Today we farewelled our Year 12, the Class of 2019. Entering the Hall at 9.30 am as Glenaeon students, they left the Hall at 11 am as ex-Glenaeon students, or GlenX.
It was a particularly beautiful assembly with some exceptional musical performances from both the music students in the group, and a choral piece from the whole year group.
In reflecting on what the school has brought them, I mentioned some of the many ”small things” that make up a Glenaeon education, the many small things that together make a large, meaningful and organic whole. Small things can have a big impact and I shared a story of how one small thing that we do at Glenaeon helped a young doctor become a better GP.
Here is the story in full: Dr Andrew Keyworth built a thriving family medical practice in the Newcastle area. He attended Glenaeon from Kindergarten to Class 7, and when I asked him to reflect on the role the school had played in shaping the person he is today, he gave me the following interesting statement. The bold paragraphs highlight how drawing helped him become a better GP:
"I really enjoyed the classical side to the Glenaeon curriculum -- the history and the mythology. More and more I feel it is important to give children a sense of their place in history and society. It seems that a lot of modern education and life is focused on the here and now, without a sense of where our society and culture has come from. There seems to be little value placed on our cultural heritage or the mystical history that we all share.
I feel that Glenaeon imbibed me with a sense of wonder about humanity and society through the retelling of a huge range of myths, legends and stories that at the time were more real than much of my contemporary world. I'd like to think that I carry this sense of wonder with me still and will be able to pass it on to my own children.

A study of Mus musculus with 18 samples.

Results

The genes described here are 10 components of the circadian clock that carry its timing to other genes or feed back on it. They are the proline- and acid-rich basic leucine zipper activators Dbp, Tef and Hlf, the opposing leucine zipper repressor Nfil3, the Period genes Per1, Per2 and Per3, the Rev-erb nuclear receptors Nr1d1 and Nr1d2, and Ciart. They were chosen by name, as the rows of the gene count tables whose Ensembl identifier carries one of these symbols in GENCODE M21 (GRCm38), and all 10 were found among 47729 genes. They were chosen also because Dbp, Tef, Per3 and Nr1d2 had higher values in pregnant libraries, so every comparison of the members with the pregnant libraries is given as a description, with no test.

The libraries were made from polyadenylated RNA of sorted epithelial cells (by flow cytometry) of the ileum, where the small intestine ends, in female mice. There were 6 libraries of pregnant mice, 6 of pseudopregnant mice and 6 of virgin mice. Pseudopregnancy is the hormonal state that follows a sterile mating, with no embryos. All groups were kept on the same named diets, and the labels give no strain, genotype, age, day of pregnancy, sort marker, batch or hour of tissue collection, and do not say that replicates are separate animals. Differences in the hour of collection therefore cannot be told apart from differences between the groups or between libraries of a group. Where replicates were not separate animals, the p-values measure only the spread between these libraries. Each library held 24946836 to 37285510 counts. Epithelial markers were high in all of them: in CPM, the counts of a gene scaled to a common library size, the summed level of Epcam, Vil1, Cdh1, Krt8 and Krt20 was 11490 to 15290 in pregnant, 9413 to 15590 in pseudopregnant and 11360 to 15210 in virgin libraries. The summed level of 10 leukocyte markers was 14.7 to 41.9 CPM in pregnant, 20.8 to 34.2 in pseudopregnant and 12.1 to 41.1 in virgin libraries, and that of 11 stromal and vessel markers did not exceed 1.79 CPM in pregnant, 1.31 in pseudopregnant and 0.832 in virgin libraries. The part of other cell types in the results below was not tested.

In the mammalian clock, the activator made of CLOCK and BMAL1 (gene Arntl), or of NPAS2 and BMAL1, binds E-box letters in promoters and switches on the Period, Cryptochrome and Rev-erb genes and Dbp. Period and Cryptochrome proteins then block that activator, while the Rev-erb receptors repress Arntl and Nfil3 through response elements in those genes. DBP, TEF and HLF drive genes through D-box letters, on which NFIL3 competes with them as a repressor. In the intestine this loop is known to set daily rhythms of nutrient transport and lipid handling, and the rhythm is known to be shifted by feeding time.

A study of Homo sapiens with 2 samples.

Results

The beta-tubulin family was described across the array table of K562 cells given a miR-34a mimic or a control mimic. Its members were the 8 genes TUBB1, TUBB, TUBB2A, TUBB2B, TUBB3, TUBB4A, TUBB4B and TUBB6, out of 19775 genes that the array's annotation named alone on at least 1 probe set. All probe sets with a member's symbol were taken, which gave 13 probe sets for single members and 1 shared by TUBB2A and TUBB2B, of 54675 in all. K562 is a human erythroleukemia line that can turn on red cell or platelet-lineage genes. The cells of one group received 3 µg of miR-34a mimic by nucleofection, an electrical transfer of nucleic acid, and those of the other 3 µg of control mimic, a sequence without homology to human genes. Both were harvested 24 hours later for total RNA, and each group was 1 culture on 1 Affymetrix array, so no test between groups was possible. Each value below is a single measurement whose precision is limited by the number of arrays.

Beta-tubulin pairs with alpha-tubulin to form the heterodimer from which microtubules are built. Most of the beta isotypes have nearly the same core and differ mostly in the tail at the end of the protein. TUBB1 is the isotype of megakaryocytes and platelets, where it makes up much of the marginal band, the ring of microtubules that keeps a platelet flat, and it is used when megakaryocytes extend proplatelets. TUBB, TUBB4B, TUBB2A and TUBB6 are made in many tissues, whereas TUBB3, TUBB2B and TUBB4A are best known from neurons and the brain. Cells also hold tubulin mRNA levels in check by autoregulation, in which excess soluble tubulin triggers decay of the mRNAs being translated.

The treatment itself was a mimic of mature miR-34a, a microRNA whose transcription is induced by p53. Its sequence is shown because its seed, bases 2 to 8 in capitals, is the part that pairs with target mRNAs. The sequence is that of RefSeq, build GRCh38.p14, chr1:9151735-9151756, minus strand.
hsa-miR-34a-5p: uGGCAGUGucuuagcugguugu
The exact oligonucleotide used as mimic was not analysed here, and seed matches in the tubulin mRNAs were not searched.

Glenaeon also changed my outlook on the physical world. As a pre-schooler I remember drawing pictures of my world with thickly outlined figures. At Glenaeon, we were taught that there really are no outlines, or boundaries that are that clearly defined. The shaded edges of objects blended and blurred with their background and everything was connected. This sense of connection, and being part of a wider world and society gave a sense of security. On transferring to a state high school in Canberra I remember feeling that I viewed the world differently from my contemporaries: I saw it without boundaries.
I'd like to think that I still look at the world in this way. It seems that when a lot of people examine a situation they focus on the boundaries, and set themselves artificial limits because that is convention. They look for the outlines, the rigid edges. For me, maybe because of Glenaeon, the edges of all situations, ideas, arguments, problems, solutions will always be shaded and blurred.
As a Medical Practitioner, this view is a great help. Many decisions in medicine have blurred edges, problems flow from one to another, nothing is isolated. I'm comfortable with this "grey area" that exists in my work, and in some ways I feel I started to develop my tolerance for uncertainty when I learned to draw trees without a fixed outline at Glenaeon.
Other aspects of Glenaeon I loved: the Craft, the close relationship and security of Class Teachers, the bush walks, the bamboo patch (alas, no more: ed.), the dams, the Annual BBQ, Artist's Holiday (precursor to the Art Show: ed.) -- the sense of school community. 25 years ago Glenaeon was blurring the traditional male/female roles: everyone did knitting, everyone did woodwork. I still knit, and enjoy watching the public's reaction as I sit knitting on the two hour train trip to Sydney.
Glenaeon's curriculum laid the foundation for how I see my role as a man, father and husband. It lifted my horizons, blurred my edges, instilled in me a sense of being part of a rich and mystical society, taught me to mix metaphors and is responsible for a lot of what I am today."